Living In A Multichannel Marketing World

iStock_000011853944XSmallIt’s Wednesday so it must be Strumings day.

I recently read an interesting article called “Q: Email vs. Social? A: I’ll Take Both” by Loren McDonald. Loren is VP, Industry Relations for Silverpop, which specializes in engagement marketing solutions for both BtoC and BtoB marketers. I don’t know Loren, but I think his comments are very well expressed.

The issue for many in today’s marketing world is the relative merits of one marketing channel vs. another The reality however is that the skilled marketer understands how to think and strategize in multiple dimensions. We live in a multiple channel world which is getting more complex daily. Real marketing brilliance involves orchestration of traditional and non traditional, mass media, direct messages, e marketing, and engagement through social media. There is no single answer for any marketer, or single channel that is best. I would strongly argue that marketers that are visionary and skilled at creating an integrated, “gestaltian” program, where the whole is truly greater than the sum of the parts, are the ones that are the most successful. Easy to say, hard to do.

Here’s an abridged version of Loren’s thoughts. Good stuff.

What’s more valuable, an email address in your database or a Facebook “Like?” Is it better to excel at email marketing or social-media marketing? Pick one: email or social media? Which would you rather have: a click on an email link or a Facebook Like?

Questions like these, which target the role, value and future of email marketing in an evolving digital universe, are popping up regularly these days on Q&A sites such as Focus, Quora and LinkedIn. They generate the kinds of vigorous discussions that you often get over cocktails at marketing conferences.

Not surprisingly, email people typically give email marketing their votes, while social-media types give thumbs up to “their” channel. While these discussions and debates certainly are entertaining, they get us nowhere.  Maybe people offer these two extreme positions just to get conversations started, but for me, there is no “either-or” about email and social. You can and should include both of the channels as part of your digital marketing and communications strategy.

But it goes much further than that. We live in a multichannel world. Your customers might choose to interact with your brand and communications via radio, TV, newspaper, direct mail, catalogs, email, SMS, Twitter, Facebook pages, YouTube, mobile apps, telephone and more. How you allocate resources and money to each of these and other channels varies not only by your business lines and markets served but also by the goal of the communication and stage of the individual customer or prospect relationship.

These questions, which compare things such as the value of an email address with a Facebook Like, are missing the point, because they ask marketers to compare two wildly disparate things.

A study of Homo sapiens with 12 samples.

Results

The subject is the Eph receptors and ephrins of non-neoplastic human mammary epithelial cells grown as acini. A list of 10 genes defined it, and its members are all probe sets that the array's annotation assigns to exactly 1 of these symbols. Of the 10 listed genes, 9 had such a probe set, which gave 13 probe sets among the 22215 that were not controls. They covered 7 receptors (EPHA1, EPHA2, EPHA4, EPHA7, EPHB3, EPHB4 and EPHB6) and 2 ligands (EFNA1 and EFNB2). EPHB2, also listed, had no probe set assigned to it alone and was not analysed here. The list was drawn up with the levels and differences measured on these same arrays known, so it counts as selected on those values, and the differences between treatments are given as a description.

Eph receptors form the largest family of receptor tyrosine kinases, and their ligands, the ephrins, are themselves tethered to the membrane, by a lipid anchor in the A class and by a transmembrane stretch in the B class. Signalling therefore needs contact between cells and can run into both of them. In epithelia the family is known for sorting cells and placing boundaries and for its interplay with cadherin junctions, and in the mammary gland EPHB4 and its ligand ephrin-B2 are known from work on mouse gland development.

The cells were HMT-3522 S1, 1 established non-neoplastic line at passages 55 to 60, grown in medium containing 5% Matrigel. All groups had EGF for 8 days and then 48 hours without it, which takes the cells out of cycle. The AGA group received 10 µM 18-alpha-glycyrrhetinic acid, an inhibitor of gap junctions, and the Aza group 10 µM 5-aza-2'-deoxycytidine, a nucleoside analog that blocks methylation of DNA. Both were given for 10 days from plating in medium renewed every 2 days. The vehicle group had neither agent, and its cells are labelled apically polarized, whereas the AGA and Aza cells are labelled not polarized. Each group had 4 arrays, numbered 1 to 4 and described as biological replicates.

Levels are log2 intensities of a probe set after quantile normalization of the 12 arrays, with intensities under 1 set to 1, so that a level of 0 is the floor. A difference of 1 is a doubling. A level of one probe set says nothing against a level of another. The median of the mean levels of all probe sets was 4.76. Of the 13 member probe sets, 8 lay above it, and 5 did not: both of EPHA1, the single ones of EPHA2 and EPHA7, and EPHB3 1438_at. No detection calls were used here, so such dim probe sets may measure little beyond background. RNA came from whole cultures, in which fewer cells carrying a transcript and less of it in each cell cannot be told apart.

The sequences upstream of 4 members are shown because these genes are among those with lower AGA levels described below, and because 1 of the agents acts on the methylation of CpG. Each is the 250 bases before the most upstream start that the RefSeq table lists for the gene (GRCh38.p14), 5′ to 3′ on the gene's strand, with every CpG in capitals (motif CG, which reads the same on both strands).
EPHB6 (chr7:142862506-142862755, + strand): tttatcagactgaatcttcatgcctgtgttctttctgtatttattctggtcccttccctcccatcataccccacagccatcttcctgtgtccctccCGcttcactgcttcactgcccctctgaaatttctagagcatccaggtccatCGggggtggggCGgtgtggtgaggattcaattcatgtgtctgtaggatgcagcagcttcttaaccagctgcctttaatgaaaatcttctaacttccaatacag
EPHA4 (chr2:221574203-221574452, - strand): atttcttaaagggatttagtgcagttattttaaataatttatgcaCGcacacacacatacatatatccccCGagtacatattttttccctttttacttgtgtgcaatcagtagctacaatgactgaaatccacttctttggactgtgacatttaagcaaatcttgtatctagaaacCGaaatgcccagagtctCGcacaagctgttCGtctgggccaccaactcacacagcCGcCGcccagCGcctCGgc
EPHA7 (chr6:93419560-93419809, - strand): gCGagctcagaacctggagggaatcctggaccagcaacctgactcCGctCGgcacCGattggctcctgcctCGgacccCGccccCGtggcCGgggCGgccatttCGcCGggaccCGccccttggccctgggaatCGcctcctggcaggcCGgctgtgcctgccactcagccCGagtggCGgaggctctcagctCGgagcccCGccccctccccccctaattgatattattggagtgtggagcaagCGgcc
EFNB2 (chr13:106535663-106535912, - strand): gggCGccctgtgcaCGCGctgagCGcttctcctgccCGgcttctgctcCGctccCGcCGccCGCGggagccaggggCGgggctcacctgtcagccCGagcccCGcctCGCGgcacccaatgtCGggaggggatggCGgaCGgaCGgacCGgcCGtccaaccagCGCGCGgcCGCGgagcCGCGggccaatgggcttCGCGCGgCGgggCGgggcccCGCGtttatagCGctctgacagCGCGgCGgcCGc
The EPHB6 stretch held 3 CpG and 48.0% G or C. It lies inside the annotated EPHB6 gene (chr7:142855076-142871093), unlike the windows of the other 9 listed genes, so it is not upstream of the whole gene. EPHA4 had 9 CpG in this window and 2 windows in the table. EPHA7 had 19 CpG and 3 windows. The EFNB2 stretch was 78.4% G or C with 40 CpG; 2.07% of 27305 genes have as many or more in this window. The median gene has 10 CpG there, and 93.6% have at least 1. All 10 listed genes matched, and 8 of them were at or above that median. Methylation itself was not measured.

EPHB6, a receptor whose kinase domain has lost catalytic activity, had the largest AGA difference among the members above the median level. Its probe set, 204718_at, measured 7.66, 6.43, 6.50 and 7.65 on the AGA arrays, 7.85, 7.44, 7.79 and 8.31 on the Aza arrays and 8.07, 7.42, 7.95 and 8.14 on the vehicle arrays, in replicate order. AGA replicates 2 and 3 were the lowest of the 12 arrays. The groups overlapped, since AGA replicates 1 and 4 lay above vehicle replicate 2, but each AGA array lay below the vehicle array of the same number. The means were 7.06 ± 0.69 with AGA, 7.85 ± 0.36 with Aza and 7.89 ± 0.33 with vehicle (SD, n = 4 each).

A Facebook action, such as a Like, is a public confirmation of the customer’s affinity toward or past experience with your company, brand or product. It doesn’t necessarily indicate a propensity to buy in the future. Just because I “Like” the Ferrari Facebook Page doesn’t mean you will be seeing a shiny red sports car in my driveway anytime soon. In contrast, a click on an email message signals intent or interest. It might be just to finish reading an article on a website, to download a white paper, to check out the daily special being promoted — or to make a purchase.

Once you clarify for yourself, your program and your company what roles email, social and mobile marketing will play and how they interplay, you can allocate the appropriate amount of resources for each.

All companies have finite resources, especially when it comes to marketing. So, while pitting one channel against another in the abstract is somewhat fruitless, marketing executives do have a responsibility to continually monitor and analyze which channels and combinations provide the best returns.

Here are a few questions that marketers are considering:

1. What is the role of email vs. social, mobile, print and other channels in our company?

2. How do we make our emails more relevant by incorporating content, personality and lessons learned from social media?

3. How do we integrate email, social and mobile marketing activities with each other to drive greater ROI across all three channels?

4. How do we better leverage email to drive increased engagement in social and mobile channels?

5. How do we grow our email database using social and mobile channels?

6. How do we measure the effectiveness of each channel relative to its level of reach, adoption and investment?

How you frame your questions will determine whether you launch an interesting but ultimately fruitless discussion — or spark a conversation that leads to the kind of insight we need to keep the email industry moving forward and realize its full potential.

Hope you found Loren’s thoughts interesting. Strumings feeback is always appreciated.